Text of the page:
Only 16 percent of U.S. companies will use Web services technology — software that allows application to application collaboration over the Internet — in the next year to discover and interact with new business partners online, according to research released Thursday by Jupiter Media Metrix.
“Despite the enormous potential of Web services to transform the landscape of the software industry, the technology will find its early uses in the humdrum role of tying together an enterprise’s internal applications,” Jupiter Media Metrix research director and senior analyst David Schatsky said.
While only a small number of companies will use Web services software for Internet transactions, a Jupiter survey revealed that 60 percent of companies expect to use Web technology for internal applications, such as retrieving customer information from a customer relationship management (CRM) system or passing a transaction from a front-office system to a back-office system.
The report, “Web Services: Invest Today for Cost Savings, not Flashy Business Models,” indicated that the ballyhooed Web services revolution will not begin to affect companies’ broader business decisions for another 18 to 24 months.
However, Jupiter analysts expect Web services software to be a valuable driver for cutting internal applications costs in the interim.
“Visions of companies dynamically ‘discovering’ and collaborating with suppliers and partners through Internet-facilitated interactions is still within reach,” Schatsky said, “but the most realistic opportunities for companies over the next 18-24 months is to use the Web services software for cutting costs.”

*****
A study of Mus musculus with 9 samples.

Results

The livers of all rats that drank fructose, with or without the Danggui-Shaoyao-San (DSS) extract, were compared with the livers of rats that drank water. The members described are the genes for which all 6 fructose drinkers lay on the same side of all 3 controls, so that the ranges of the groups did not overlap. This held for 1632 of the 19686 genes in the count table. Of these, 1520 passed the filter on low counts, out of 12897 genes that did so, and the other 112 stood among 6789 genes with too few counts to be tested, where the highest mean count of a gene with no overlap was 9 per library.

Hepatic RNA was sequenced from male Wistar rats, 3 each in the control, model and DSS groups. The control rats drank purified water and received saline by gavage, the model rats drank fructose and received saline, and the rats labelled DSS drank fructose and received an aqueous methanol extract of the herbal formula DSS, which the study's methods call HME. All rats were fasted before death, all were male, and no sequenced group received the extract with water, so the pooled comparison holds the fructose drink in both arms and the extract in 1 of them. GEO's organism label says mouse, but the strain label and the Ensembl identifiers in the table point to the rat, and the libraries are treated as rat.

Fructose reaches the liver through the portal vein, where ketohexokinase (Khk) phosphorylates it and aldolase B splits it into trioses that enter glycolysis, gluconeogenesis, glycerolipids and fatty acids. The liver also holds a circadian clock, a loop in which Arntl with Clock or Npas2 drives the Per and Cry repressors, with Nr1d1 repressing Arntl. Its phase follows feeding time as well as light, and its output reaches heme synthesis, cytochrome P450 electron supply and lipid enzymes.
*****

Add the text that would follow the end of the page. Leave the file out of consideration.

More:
Finding New Business
Forty-four percent of companies surveyed by Jupiter want to use Web services technology to find new revenue opportunities.
Jupiter said that companies hoping to do so need to experiment with the technology to “ensure they are current and able to exploit it when a business rationale becomes apparent.”
The New York City-based research firm added that 46 percent of companies are currently implementing this tactic.
Although only a fraction of companies will be using Web services software to find new business partners, Jupiter said that within the next year, 53 percent will deploy the technology for interaction with existing suppliers and partners.
Potential applications include credit-card transaction authorization and credit checks.
“Much of the activity in the evolution of Web services will and should take place below the radar of most business managers for the next 18 months or so,” Schatsky said. “But business managers, who are increasingly involved in application vendor selection, should become aware of the increasing role that Web services will have in the selection and deployment of enterprise applications.”
Jupiter predicted that by late 2002, enterprise application vendors will begin to incorporate Web services architecture into their applications.